Ed Ayers (left, rear and Leonard W. Sandridge (left, foreground)chat with local residents after presenting the University’s master plan at a community meeting held June 17.
Photo by Peggy Harrison
Ed Ayers (left, rear and Leonard W. Sandridge (left, foreground)chat with local residents after presenting the University’s master plan at a community meeting held June 17.

By Lee Graves

U.Va. officials shared their vision of the University’s growth over the next several decades with nearly 200 area residents who attended a community briefing June 17.

Flanked by colorful schematics, detailed maps and computer projections of the University’s master plan, residents listened as Leonard W. Sandridge, executive vice president and chief operating officer, and Edward L. Ayers, dean of the College and Graduate School of Arts & Sciences, outlined initiatives ranging from practical improvements to the University’s heating plant to the dramatic sweep of the South Lawn project.

The briefing, an outreach effort spearheaded by the University’s Community Relations Office, and the master plan drew praise from several residents.
“I would like to congratulate you all for having the superb vision in extending the heritage that we’ve got here,” said one resident during the question-and-answer session.

Sandridge emphasized that the University’s master plan promotes infill development to avoid sprawl.

“For the next 20 to 25 years, we can accommodate the growth we envision essentially in what you and I call the University’s [Central] Grounds today,” he said.

The building program is expected to give a booster shot to the local economy, creating $1.1 billion in economic activity and 1,450 jobs over the next three years. About 75 percent of the money spent on construction will stay within the community, Sandridge said.

In addition to infill construction, Sandridge said the master plan stresses several principles: integrating academic, residential and recreational elements; creating a walking environment around Grounds; being responsible to the community and the Commonwealth in maximizing access to the Medical Center; and concentrating parking facilities in three areas with access to main highways.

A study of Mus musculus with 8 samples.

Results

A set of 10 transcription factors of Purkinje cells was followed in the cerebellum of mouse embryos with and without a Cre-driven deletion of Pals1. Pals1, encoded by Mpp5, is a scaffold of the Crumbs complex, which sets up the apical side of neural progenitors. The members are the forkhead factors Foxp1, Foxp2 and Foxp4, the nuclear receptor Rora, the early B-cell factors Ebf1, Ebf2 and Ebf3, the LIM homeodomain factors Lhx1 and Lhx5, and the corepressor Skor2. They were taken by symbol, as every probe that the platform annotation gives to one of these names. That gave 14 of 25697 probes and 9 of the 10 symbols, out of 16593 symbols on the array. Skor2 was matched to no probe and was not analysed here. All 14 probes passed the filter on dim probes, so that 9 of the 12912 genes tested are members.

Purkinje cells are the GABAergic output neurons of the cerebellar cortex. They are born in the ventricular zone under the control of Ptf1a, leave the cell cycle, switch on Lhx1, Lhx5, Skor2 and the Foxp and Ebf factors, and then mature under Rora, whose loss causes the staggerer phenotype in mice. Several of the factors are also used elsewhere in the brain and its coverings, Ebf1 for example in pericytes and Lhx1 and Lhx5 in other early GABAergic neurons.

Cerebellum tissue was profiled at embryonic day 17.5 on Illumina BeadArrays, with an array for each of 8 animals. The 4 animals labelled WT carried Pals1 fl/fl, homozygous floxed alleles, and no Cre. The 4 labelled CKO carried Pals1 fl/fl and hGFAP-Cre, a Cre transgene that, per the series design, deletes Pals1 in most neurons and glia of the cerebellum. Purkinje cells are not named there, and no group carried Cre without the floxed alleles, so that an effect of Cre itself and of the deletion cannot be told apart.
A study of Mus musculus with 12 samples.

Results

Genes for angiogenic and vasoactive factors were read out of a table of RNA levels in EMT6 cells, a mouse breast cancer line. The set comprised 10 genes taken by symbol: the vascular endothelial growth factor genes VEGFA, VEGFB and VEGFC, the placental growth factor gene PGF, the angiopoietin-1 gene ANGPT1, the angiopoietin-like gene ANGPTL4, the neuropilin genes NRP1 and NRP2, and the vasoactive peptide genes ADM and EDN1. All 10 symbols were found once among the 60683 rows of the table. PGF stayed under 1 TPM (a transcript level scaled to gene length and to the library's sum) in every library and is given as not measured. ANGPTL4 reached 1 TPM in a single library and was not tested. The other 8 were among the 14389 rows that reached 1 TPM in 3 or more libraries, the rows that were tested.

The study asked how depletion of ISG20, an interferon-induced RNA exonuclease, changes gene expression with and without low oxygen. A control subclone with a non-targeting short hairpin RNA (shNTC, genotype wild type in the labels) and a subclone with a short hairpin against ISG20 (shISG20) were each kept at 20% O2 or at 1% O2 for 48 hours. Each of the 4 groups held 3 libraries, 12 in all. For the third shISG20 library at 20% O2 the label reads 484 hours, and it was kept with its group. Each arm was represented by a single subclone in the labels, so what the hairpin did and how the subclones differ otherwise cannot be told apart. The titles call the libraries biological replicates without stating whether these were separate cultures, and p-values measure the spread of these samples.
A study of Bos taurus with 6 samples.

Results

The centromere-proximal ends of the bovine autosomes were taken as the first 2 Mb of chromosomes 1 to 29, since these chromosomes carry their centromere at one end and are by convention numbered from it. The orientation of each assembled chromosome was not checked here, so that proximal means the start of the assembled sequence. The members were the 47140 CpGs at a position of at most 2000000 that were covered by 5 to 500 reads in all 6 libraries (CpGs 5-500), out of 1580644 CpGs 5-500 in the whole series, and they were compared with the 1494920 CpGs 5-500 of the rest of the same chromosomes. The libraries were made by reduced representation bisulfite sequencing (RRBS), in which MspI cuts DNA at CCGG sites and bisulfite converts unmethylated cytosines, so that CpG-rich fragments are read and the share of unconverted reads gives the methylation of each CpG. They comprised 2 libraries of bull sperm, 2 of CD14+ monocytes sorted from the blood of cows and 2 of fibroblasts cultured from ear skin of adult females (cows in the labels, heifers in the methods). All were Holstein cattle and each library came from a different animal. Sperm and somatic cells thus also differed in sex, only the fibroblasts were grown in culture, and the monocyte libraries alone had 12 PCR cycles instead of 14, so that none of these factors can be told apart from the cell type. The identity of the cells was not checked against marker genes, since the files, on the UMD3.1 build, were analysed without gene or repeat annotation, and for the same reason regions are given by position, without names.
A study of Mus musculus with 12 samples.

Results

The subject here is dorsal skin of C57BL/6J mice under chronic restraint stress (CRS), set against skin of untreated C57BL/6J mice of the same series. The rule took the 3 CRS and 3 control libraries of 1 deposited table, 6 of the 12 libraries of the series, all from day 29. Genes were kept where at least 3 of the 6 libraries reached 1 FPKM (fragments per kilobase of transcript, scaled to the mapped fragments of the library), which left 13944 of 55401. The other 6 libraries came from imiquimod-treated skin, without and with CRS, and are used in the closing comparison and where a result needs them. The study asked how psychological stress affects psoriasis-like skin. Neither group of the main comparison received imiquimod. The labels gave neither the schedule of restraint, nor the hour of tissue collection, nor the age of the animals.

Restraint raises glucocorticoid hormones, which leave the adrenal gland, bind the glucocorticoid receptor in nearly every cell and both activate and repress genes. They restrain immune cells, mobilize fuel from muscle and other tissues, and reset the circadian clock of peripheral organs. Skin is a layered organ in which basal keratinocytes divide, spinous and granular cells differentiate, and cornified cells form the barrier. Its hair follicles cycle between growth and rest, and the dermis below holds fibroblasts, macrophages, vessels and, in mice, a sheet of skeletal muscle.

While research and health care have driven growth over the last decade, Sandridge said, enrollment will be a third stimulus in the next decade. Education officials have predicted statewide growth of nearly 32,000 additional students by 2010, and U.Va. can expect anywhere from 400 to 700 more students over the next six or seven years.

Keeping up with student growth has been one of the prime motivations driving the South Lawn project, Ayers said. The $160 million initiative, which envisions a plaza extending south from Old Cabell Hall with a terrace crossing Jefferson Park Avenue to a tiered ensemble of buildings, will create more than 300,000 square feet of space to accommodate 12,000 student visits per day.

“This is where much of the teaching of the University will take place,” Ayers said.
It also opens the southern part of the University to the community, providing a much more welcoming approach than the brick walls and traffic snarls that greet visitors.

Ayers and Sandridge both warned residents that the timing of many projects depends on funding, so tying construction to specific dates is difficult.

Concerns raised during the question-and-answer period ranged from federal funding for road projects to the need for student housing. Marcia Childress, chairwoman-elect of the Faculty Senate, asked if there were any plans for a conference center. Sandridge said one was not in the immediate plans and the University would look to the private sector, with facilities such as the Omni or Boar’s Head, for accommodations.

WHAT AND WHEN


In addition to the South Lawn, some of the major projects, with status, costs and expected completion dates, are at right:
(For more details, see the master plan Web site at http://www.virginia.edu/architectoffice/masterplan.html)

Athletic Precinct/
Emmet Street

• Under construction — Ivy/Emmet street garage, $15.7 million, October 2003;
Emmet Street pedestrian bridge, $3.2 million, December 2003; the John Paul Jones Arena (which includes a parking garage and stormwater management work), $129.8 million, June 2006.

• In design —(Awaiting full funding) Performing Arts
Center, $47 million, January 2007.


Arts Grounds

• n In design — Fayerweather Hall renovation, $5.4 million, July 2005; Studio Art Building, $12.5 million, December 2006;

• In design —(Awaiting full funding) Campbell Hall addition (date to be determined).

Central Grounds

• Under construction — Special Collections Library, $26 million, March 2004.

• In design — Cocke Hall renovation, $6 million, December 2005.

• In design —(Awaiting full funding) Rouss Hall renovation and expansion, $43
million (date to be determined).


Health System

• Under construction — Hospital expansion, $58 million, March 2006.

• In design — South parking garage, $8.2 million, June 2004;
improvements to main heating plant, $50 million, February 2008.

n In design —(Awaiting full funding) Medical Research Building (MR-6), $60.8
million (date to be determined).

McCormick Road

• Under construction — Clark Hall renovation and addition, $39 million, June 2003; Materials Research Science & Engineering Center, $38.9 million, December 2005.

Alderman Road/Observatory Hill

• Under construction — Aquatics & Fitness Center addition, $10.4 million,
January 2004; Observatory Hill
dining facility, $22 million, July 2004; National Radio Astronomy Observatory addition and renovation, $8.9 million, October 2004.